How Resilient Is EM To The End Of QE – A Vulnerability Heatmap
The adjustments in core rates markets driven by repeated Fed commentary about its QE policy led to widespread selloffs in EM assets - and as we explained yesterday, this has potential vicious circle implications for developed markets. The significance of the EM selloffs has raised concerns about whether investors could abandon the asset class and trigger 'sudden stop' scenarios as they prepare for a post-QE world. Barclays believes we have likely entered a 'bumpy transition' towards a normalization of core market interest rates, and while they agree with us that the fundamental vulnerability to an end of QE may still reside with many DMs (eg, euro area periphery), rather than EMs, the large capital inflows into EM economies makes them extremely vulnerable to a rapid outflow of external capital.
However, QE pushed large capital flows into EM economies. These flows imply cheaper external funding, push domestic interest rates lower and thus can lead to rapid domestic credit growth, rising domestic consumption and investment, widening current account deficits and higher inflation (ie, loss of external competitiveness). Leverage on private and/or public sector balance sheets increases. A sudden stop withdraws access to external financing, creates FX funding pressures and pressures FX. Depreciation then exposes FX balance sheet mismatches, potentially turning FX liquidity problems into solvency risk.
Our heatmap includes many of the well-established external vulnerability indicators. To account for the particular QE context, we:
- Put emphasis on the flow aspects related to QE – that is, not only current debt stocks or leverage ratios, but also the speed with which these stocks (eg, domestic credit, external and government debt) and ratios (loan-to-deposit ratios) have changed;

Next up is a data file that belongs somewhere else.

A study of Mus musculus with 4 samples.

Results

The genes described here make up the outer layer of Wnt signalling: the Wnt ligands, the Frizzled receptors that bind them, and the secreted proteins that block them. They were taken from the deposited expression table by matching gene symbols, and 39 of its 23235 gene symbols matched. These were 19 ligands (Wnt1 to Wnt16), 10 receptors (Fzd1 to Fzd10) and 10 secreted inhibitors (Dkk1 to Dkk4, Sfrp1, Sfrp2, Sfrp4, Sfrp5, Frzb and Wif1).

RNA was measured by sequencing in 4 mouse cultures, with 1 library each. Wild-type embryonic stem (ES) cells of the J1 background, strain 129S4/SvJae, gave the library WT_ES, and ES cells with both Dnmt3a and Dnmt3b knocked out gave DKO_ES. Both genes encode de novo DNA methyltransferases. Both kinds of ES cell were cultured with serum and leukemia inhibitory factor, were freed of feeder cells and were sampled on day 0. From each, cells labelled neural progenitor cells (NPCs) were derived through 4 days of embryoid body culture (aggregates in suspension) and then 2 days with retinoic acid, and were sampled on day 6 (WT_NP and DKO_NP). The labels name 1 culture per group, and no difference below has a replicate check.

- Added a focus on portfolio flows and foreign portfolio positioning in local markets, which has been a particular QE-related phenomenon;
- Include variables that indicate how much the domestic policy response has exposed the economy (real policy rates; FX coverage of foreign portfolio positions);
- Used trends in recent ratings and the current rating outlook as indicators of how fundamental trends are being perceived more generally.
EEMEA still stands out with the most pressure points: large external borrowing needs, high loan-to-deposit ratios and low real rates. The largest (SA, Turkey) and smallest economies (Ukraine, Serbia) look vulnerable to a sudden stop. In contrast, Russia seems less exposed. In EM Asia (ex-China), the vulnerabilities are lower and concentrated in the banking system, where leverage has risen. Indonesia stands out in this regard. In LatAm, Brazil shares this characteristic of rapid banking sector external borrowing. Argentina and Venezuela have the most pressure points. Mexico looks exposed to portfolio outflows given high foreign positioning and limited reserve coverage, but it is sound on many other indicators. From a product standpoint, some indicators are more important than others.
Local rates and FX: Critical for us are countries where large external financing needs are mainly met by foreign portfolio flows. South Africa (where a primary fiscal deficit exacerbates the risk), Turkey and India (to a lesser degree) stand out in these categories. Low or negative real interest rates are a warning sign of the impact of past large inflows, which could reverse. The FX coverage ratio of foreign holdings of local bonds is also key if positions are unwound. The majority of EM reserves cover more than 100% of these positions with Mexico (105%), SA (130%) and Turkey (154%) at the lower end of the scale.
Credit: In credit, investors are likely focused on public debt dynamics and governments’ reliance on international liquidity to fill fiscal gaps. In this regard, the adverse public debt dynamics in countries such as Serbia, Ghana and, to a lesser extent, Ukraine over the past couple of years, coupled with still relatively high fiscal deficits, raises concerns. This is particularly the case if lower ratings suggest more limited debt-servicing capacity than in advanced EM countries and if the share of FX debt in the overall borrowing mix is high.